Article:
A reverse mortgage loan is similar to a traditional mortgage — these are loans made to a homeowner using the home as collateral.
In a traditional mortgage, the homeowner pays down the debt over time usually on a monthly basis with a mortgage payment. But with a reverse mortgage, the loan balance grows over time because the homeowner is not making monthly mortgage payments.
A reverse mortgage usually doesn’t need to be repaid until the homeowner has passed away or has moved. As a result, life expectancy plays a huge role in determining how much money a borrower can receive from a reverse mortgage. Typically, the older you are, and the more equity you have in your home — the more money you can expect from a reverse mortgage.
How a Reverse Mortgage Loan Works
John and Jane are a retired couple, aged 75 and 72 (must be older than 62 years of age to qualify), who want to stay in their home, but need additional income for their living expenses. They also need some cash to pay for home repairs.
After speaking with a reverse mortgage lender to discuss their options, they decide to go with a reverse mortgage that will allow them to withdraw $10,000 upfront and also provide them with a monthly payment for as long as they live in the house.
John and Jane meet with an FHA appraiser, who determines that their home’s value is $300,000. They currently owe $35,000 on their mortgage. After paying off their existing mortgage and taking out a lump sum of $10,000, John and Anne will continue to receive $703.00 every month for as long as they live in the house.
Reverse Mortgage Distribution Options
Reverse mortgages offer multiple payout options, such as:
- Lump Sum – You will receive your entire loan proceeds upfront, with a fixed interest rate
- Term – Equal monthly payments for a fixed period of months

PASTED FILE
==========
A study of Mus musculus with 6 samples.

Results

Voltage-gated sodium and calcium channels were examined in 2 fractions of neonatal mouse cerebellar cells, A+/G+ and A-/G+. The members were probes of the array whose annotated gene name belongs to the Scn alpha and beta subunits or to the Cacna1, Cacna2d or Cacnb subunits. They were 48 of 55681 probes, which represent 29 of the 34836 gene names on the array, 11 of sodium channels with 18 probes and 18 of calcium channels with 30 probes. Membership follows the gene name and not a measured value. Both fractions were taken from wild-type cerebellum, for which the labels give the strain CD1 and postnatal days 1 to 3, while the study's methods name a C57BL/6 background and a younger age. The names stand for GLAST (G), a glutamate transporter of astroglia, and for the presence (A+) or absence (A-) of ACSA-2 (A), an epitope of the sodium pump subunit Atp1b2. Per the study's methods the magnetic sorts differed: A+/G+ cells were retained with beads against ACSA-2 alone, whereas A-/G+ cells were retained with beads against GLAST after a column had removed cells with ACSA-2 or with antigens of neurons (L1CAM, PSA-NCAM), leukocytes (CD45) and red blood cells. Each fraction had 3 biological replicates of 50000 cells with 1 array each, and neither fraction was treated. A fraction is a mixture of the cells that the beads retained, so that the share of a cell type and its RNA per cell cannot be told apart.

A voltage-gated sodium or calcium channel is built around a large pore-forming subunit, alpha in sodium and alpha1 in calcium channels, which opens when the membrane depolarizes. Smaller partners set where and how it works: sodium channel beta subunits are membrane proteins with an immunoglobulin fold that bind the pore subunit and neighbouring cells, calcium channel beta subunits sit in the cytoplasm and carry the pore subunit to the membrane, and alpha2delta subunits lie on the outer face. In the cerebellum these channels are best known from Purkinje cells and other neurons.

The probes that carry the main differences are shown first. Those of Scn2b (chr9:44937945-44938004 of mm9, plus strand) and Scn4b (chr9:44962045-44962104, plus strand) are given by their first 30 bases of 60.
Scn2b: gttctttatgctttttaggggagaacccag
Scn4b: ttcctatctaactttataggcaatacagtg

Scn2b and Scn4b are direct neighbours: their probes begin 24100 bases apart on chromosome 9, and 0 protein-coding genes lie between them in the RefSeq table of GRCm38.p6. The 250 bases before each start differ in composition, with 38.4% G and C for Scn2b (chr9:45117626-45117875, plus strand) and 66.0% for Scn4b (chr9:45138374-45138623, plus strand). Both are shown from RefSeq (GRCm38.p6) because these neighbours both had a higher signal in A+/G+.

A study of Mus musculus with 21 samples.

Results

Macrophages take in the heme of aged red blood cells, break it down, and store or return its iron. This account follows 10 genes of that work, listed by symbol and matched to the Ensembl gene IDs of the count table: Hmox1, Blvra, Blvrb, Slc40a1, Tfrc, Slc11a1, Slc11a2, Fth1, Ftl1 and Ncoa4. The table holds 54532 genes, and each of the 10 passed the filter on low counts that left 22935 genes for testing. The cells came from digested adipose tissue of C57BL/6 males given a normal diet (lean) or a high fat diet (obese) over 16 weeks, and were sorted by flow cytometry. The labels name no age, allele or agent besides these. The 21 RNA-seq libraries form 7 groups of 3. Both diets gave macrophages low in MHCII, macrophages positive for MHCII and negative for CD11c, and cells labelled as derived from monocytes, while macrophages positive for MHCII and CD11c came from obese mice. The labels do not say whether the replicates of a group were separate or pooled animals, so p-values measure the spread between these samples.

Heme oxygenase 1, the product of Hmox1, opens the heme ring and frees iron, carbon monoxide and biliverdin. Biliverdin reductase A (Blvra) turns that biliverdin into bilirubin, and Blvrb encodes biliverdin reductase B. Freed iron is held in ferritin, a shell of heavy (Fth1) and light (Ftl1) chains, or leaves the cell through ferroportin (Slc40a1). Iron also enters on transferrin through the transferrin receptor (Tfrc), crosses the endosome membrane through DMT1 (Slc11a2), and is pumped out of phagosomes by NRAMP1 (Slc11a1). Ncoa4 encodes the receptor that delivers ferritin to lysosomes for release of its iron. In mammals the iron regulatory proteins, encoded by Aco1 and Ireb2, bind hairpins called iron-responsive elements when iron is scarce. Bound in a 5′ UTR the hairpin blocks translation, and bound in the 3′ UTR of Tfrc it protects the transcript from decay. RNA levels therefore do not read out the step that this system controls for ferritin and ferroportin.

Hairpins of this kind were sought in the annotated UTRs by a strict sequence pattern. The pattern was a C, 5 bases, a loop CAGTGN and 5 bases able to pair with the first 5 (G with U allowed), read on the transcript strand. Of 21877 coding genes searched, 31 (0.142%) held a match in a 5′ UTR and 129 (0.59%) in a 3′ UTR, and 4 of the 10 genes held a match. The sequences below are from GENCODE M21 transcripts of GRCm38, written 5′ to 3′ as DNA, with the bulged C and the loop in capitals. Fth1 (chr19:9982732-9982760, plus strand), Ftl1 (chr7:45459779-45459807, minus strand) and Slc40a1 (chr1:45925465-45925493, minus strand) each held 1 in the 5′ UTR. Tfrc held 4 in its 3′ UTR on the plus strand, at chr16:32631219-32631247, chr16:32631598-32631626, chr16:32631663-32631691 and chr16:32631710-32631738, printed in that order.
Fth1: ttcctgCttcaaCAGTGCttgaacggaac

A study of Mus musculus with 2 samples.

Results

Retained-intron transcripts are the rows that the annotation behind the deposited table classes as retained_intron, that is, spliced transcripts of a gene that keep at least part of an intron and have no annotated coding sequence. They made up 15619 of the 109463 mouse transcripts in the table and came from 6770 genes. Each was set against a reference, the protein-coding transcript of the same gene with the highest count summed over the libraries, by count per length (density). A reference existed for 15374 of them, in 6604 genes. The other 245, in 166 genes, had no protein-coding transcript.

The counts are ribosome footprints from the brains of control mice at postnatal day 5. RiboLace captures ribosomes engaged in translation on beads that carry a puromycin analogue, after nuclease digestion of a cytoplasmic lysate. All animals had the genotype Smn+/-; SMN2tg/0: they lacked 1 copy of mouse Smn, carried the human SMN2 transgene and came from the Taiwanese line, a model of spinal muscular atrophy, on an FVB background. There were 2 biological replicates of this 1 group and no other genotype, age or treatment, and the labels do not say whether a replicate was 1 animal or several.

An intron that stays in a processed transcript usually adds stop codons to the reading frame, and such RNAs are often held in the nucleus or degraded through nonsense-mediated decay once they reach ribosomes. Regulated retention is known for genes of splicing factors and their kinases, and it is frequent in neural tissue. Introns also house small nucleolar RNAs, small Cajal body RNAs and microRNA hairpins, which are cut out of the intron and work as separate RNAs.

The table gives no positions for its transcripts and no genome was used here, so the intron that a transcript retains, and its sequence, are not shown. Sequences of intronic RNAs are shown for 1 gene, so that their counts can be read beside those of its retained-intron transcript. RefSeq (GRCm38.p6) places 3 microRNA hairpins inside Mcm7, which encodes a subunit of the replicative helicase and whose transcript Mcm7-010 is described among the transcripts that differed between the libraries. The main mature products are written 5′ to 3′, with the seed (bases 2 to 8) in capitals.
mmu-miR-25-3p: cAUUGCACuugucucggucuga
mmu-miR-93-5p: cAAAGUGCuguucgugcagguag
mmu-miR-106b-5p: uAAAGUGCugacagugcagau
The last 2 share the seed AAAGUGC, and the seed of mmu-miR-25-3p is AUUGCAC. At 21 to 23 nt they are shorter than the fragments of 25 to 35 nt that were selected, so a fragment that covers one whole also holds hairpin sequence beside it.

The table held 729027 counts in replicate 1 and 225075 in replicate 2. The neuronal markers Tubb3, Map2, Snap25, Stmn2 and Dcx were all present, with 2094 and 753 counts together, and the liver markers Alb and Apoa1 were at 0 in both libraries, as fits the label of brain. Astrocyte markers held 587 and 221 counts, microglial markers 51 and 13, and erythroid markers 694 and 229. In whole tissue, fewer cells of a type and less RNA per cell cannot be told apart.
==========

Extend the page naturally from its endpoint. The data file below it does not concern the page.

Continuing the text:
- Tenure – Equal monthly payments for as long as you live in the home
- Line of Credit– A line of credit that you may draw upon at any time and in any amount of your choosing until the line of credit is exhausted.
You can also choose a combination of different payment options, such as the example of John and Anne. In that scenario, they chose a combination of tenure payments with an additional $10,000 line of credit for home repairs.
How Much Can I Get from a Reverse Mortgage Loan?
How much you get from a reverse mortgage loan is dependent on a combination of factors:
- Age of the youngest borrower or eligible non-borrowing spouse
- Current interest rate; and
- Lesser of appraised value or the HECM FHA mortgage limit of $636,150
Reverse Mortgage Requirements
To be eligible for a reverse mortgage, you must meet the following requirements:
- The youngest borrower must be 62 years of age or older
- Have a considerable amount of equity in the home (usually at least 50%)
- Live in the home as your primary residence
- Be able to maintain the property and continue paying property taxes, homeowners insurance, and any homeowner’s association fees.
- Complete a HUD-approved reverse mortgage counseling session.